Axis Launches A BlogBy: John Honovich, Published on Dec 22, 2016
Is it 2007 or 2017?
Because Axis Communications has just launched a blog.
Are they 10 years too late or just right?
In this post, we examine Axis' entry to blogging, how it can be a strong marketing move for them, how it fits into a changing environment for security marketing / media and the key risk it exposes.
Axis blog is called 'Secure Insights'.
It is just getting started and so far it has a handful of posts from 6 different Axis employees, including a story from Martin Gren about working with Steve Wozniak and Axis CTO talking about 2017 top technology trends.
A Wordpress blog, it supports comments via social media logins.
Changing Marketing Landscape
Manufacturers historically have depended on print for marketing / communication. Of course, that is changing for all markets.
For large manufacturers like Axis, it is actually highly beneficial because like politicians, manufacturers can take their message direct to the people / buyers.
In our industry, manufacturers like Axis have far greater reach over the Internet than any of the trade magazines. Trade magazines optimistically report ~30,000 print subscribers and similar email lists with most under 100,000 website page views per months.
By contrast, Axis Internet presence is huge. Axis has ~45,000 followers on LinkedIn, ~20,000 followers on Twitter. We would guess they have millions of page views to their website monthly and easily 100,000+ email subscribers to their various lists. And this should not be a surprise. A company that spends nearly $200 million annually on sales and marketing is going to build up a large direct reach.
Historically, Axis has 'blogged' on trade magazine website and for the privilege are expected and have been paid sizably for advertising, event sponsorship, etc. for those publications.
Marketing Benefits For Axis
Not only can Axis cut out the middleman but they acquire far more flexibility in when and what they publish.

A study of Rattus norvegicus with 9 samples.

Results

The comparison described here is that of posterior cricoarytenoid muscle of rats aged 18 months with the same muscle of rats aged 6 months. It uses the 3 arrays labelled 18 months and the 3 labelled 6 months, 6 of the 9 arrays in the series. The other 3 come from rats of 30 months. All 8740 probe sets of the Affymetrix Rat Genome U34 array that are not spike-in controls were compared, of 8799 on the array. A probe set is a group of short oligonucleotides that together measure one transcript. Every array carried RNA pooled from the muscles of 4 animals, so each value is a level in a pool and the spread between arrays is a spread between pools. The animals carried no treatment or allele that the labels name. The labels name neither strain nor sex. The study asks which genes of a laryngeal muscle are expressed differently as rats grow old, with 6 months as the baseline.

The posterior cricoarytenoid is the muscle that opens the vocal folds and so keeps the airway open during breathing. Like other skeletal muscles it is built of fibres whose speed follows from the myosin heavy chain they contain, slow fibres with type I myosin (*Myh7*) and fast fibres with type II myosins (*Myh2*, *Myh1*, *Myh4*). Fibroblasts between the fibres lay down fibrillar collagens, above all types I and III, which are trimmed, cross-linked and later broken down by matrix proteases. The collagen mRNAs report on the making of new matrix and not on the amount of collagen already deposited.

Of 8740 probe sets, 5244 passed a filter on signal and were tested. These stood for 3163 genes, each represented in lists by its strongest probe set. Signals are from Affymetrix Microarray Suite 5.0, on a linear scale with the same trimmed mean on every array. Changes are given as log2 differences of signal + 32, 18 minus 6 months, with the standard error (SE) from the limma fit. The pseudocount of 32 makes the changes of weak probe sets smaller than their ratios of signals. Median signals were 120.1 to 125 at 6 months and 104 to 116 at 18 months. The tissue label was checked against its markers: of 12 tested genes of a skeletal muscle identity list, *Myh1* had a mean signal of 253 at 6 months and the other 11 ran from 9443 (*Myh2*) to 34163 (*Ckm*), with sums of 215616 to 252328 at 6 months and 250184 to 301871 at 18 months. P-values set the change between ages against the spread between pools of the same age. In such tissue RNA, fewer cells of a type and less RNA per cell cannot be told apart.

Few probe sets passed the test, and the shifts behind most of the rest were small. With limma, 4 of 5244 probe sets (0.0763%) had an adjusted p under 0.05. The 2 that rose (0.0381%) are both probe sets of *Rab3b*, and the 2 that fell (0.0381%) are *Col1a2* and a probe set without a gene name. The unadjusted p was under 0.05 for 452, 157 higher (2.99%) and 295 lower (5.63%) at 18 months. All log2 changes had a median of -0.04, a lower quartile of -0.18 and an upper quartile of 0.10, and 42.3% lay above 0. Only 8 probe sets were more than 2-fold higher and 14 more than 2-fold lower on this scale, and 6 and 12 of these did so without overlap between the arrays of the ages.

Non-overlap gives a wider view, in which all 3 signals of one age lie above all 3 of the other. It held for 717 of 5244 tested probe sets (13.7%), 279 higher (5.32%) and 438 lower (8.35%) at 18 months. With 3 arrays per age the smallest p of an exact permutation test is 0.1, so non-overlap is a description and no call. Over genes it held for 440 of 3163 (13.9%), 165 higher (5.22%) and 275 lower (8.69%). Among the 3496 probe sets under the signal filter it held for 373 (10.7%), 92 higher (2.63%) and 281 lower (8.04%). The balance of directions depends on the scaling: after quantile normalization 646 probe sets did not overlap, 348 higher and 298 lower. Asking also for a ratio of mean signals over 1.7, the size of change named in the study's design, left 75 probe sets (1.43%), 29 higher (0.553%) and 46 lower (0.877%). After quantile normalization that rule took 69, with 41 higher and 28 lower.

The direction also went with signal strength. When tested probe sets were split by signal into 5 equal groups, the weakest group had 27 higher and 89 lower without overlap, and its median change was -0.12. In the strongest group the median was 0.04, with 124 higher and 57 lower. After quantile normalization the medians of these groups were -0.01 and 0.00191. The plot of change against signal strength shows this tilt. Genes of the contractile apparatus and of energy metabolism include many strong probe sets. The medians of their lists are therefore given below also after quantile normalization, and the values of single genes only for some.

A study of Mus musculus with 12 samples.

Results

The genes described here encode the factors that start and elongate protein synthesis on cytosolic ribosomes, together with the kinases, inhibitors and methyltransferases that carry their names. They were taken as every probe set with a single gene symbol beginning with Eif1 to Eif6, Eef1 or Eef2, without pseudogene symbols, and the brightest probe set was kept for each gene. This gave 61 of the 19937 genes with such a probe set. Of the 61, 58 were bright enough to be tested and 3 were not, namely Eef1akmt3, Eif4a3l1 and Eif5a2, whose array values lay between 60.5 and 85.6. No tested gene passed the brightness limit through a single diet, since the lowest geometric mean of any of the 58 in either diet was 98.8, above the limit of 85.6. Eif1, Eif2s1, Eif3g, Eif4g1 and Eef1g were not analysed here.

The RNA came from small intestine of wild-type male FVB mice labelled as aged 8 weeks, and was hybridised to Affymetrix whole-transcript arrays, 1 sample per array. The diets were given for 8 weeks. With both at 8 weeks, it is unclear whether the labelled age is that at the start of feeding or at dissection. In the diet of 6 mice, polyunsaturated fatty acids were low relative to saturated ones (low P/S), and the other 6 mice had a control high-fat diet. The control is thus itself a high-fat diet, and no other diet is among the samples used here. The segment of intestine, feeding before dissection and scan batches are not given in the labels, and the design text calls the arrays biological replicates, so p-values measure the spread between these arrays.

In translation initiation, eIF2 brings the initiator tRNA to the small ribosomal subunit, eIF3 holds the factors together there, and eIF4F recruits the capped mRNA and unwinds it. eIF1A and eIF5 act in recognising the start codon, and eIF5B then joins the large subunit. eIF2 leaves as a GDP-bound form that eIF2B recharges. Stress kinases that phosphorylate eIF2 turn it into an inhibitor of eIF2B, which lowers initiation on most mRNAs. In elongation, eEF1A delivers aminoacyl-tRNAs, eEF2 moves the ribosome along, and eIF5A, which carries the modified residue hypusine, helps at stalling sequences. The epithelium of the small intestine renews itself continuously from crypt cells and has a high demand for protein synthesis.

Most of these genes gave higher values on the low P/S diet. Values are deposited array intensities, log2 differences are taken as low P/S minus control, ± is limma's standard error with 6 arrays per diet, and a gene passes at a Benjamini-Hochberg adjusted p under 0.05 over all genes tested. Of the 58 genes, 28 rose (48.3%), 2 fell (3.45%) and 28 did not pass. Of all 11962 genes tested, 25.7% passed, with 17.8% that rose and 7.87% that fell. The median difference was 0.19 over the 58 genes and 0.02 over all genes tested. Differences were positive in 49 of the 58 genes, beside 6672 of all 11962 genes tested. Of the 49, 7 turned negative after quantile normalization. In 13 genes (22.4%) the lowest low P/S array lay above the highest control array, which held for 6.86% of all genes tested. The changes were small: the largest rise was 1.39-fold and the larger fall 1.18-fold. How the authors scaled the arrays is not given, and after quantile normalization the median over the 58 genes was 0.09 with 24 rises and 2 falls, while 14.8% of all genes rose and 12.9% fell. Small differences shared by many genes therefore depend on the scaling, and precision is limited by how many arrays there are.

Axis can use their social media presence, their email lists and the sheer number of people who come to Axis website to get their message out. If they use those 3 resources, they will undoubtedly get far more views and engagement than depending on a hodgepodge of small trade magazines.
Departure For Axis
One interesting element of this is that historically Axis allowed very very few people to speak publicly on their behalf. Those in the industry for some time will recall a period when Axis' Fredrik Nilsson would ghostwrite seemingly half the articles in trade magazines. Even to this day, of Axis 2,000+ employees, only a handful ever publish on Axis behalf.
There is some rationale for this. Keeping the message on target and avoiding PR disasters is harder the more people who are talking, especially with Axis public tactic of 'What? No Race To The Bottom. Everything is Super!"
Risk - Comments
One impressive choice by Axis is including comments. There are few manufacturer blogs and even fewer that allow comments (Here's looking at you Milestone 'Post').
However, as IPVM can attest, comments are one of the best and riskiest features of modern communication.
Axis is moderating comments (which if their blog has any success will be a painful administrative task and user annoyance) but to their credit quickly allowed my comment on their CTO's 2017 technology outlook:
Comments are great for getting critical feedback and learning from different, and often opposing, points of views. It forces people to research things more rigorously and to express themselves more accurately. Not only does the 'threat' of comments make IPVM better, we certainly learn a lot from comments that help us improve what we do and where we go. The same can be had for any company.
But comments can be brutal to marketing agendas, especially when companies are out of touch. These can be hard truths, emotionally disruptive to the company that receives them, placing them in difficult positions to either answer the commenter or appear that that they are wrong or misleading. Marketing people are not used to dealing with that publicly and certainly not on their own sites.
The track record of video surveillance manufacturer's blogging is pathetic and that is not an exaggeration. Very few even try and almost all quit with the first year. The best security manufacturer blog is on door hardware and there is nothing close.
Even if all Axis does is centralize its own marketing pieces into its own site, promoting it on its own marketing channels, it is still likely to be a good move for them, compared to being dependent on declining print trade magazines.
But if Axis can genuinely open up and engage with the community, it could be a powerful force for them.
For us, we welcome manufacturer blogs. The more open manufacturers can be, the more interesting the industry discussion can be and the better it is for IPVM and the broader community of people who want to learn.